Book of the Month: April 2023

April was a busy month, and May is looking to be a busy one too – hence another late post. One of my biggest posts of April looked at the revival of the green penguin crime series and it was interesting hearing from others as to which authors and titles they would like to see back in print.

I managed 12 reads in April, including another issue of Ellery Queen Mystery Magazine and one audio book – a novelty for me. I decided to listen to Agatha Christie’s Three Act Tragedy (1934) when it came to re-reading this book for book group, as I was a little short on time. Audio books is not a format I gravitate to naturally, as I don’t take in information as well that way and I find I can’t so easily pause and ponder something. You are always stuck at the speed of the person reading the text, so it was a bit of a challenge to have to listen to this book over 6 hours rather than just reading it in 2-3. Nevertheless, listening to Three Act Tragedy reminded me of what didn’t work quite so well in that read. Hermione Lytton Gore a.k.a. Egg still very much got on my wick and the slowness of the plot combined with the excess of sleuths both seem to be quite pronounced through the act of listening to the story.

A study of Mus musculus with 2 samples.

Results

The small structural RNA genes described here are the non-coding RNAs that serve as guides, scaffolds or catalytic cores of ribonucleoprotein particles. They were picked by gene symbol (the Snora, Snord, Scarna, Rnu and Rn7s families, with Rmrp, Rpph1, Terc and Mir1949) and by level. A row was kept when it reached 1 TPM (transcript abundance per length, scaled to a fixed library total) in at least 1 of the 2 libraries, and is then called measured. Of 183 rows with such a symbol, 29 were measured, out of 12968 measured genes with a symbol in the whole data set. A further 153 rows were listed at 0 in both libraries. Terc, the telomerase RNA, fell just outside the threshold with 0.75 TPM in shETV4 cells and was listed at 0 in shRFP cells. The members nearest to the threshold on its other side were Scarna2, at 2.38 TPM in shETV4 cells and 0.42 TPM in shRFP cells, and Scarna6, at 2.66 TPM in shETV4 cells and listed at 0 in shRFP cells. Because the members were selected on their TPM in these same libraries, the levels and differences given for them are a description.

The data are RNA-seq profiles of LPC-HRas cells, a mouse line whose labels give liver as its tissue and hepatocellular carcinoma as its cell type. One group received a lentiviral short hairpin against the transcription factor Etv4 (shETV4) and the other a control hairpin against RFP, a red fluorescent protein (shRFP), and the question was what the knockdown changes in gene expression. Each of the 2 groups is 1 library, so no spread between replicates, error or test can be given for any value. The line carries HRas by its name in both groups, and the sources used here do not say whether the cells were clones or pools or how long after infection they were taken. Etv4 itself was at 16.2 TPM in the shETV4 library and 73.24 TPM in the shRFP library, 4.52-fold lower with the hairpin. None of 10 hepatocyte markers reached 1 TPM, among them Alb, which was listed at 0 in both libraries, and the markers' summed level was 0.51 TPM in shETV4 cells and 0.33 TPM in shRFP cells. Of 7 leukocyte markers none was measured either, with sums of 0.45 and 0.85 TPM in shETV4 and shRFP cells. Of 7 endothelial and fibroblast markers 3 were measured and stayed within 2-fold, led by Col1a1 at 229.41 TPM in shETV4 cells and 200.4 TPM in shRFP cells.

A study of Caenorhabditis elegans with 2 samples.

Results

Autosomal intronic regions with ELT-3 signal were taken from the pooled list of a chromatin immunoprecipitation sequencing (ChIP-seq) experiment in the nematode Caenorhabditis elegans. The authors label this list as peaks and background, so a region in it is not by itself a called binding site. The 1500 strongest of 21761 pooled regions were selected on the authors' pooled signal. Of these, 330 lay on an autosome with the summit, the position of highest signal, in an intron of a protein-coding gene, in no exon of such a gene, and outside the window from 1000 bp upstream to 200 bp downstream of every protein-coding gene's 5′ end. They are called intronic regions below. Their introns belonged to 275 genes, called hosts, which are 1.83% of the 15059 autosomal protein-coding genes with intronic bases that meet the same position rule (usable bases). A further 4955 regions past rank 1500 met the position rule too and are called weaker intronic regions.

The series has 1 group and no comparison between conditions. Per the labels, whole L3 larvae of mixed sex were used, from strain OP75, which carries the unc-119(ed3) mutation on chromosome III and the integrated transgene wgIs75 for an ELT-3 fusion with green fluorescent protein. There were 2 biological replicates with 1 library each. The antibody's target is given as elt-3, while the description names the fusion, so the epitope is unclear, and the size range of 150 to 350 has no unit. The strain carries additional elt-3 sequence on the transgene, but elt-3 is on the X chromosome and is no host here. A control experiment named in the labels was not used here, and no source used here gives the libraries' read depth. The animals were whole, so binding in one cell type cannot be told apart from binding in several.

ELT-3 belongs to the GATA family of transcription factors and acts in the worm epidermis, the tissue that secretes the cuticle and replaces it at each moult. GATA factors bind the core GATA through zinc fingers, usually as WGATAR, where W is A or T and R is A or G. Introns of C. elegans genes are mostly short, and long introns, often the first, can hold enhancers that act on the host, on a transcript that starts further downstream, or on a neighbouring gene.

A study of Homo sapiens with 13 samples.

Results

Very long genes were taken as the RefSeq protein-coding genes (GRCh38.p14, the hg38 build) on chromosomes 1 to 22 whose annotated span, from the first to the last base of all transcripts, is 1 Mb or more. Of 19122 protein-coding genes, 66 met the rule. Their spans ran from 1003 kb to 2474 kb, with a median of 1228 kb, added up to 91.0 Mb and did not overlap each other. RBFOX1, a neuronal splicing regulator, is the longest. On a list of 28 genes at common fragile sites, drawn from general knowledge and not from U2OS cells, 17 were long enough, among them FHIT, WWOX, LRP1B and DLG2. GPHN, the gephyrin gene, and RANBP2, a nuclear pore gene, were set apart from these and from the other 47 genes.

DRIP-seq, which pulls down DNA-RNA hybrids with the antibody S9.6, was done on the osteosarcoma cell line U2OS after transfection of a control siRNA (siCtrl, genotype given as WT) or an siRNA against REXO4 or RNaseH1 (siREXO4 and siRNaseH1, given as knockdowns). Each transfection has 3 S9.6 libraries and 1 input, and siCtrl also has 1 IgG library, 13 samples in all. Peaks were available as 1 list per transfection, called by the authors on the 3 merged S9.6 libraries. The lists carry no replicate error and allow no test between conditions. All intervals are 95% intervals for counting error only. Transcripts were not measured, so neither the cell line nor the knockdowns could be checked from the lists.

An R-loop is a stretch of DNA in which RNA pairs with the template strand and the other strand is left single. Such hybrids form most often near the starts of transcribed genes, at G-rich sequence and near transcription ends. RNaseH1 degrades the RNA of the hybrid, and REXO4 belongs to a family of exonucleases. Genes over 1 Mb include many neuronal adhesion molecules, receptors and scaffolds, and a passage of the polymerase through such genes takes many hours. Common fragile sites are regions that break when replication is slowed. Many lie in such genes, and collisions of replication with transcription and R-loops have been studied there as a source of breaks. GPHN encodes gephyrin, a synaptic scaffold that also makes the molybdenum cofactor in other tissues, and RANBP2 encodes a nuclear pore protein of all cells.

Of the remaining 10 reads:

  • 3 were titles from the Adrian Monk mystery series, written by Lee Goldberg
  • 3 were from new-to-me authors (including Goldberg)

In keeping with some previous months, I have decided to have separate categories for the Book of the Month award.

Best Mr Monk Book: Mr Monk in Trouble (2009)

This was a tough decision to make as all three Mr Monk mysteries were very good reads, but I think the historical aspect of this case, as well as the tight dovetailing on the mini mysteries gave this one the edge.

Best Read-Read: Evil Under the Sun (1941) by Agatha Christie

This was another Christie novel that I re-read in April (the third being Nemesis (1971)) and with this one I read a physical copy. What impressed me the most with this re-read was the amount and variety of cluing and red herrings that Christie creates and develops in this story.

Best New-To-Me Read: The Sunday Pigeon Murders (1942) by Craig Rice

It was another difficult choice, as I also enjoyed I, Said the Fly (1945) by Elizabeth Ferrars. However, I felt that the ending for Ferrars was less well executed. Rice’s book demonstrates her comic writing well and I think you easily become invested in the characters and what will happen to them next, as they get into one pickle after another. The premise to The Sunday Pigeons Murders is unusual, presenting an interesting variant on the typical amateur sleuth murder mystery.

As to what May will bring, I am as usual rather undecided. So far, I have returned to the work of Dolores Hitchens, which I hope to post about soon, and I am currently revisiting Virginia Rath’s mysteries. It has been nice this year getting back to some authors that I have not read for a while, as well as discovering new series. I think it is highly likely I will read at least one Mr Monk mystery in May and probably re-read another Christie, but as to other authors I have no fixed plans.

What authors or books are you hoping to read this month?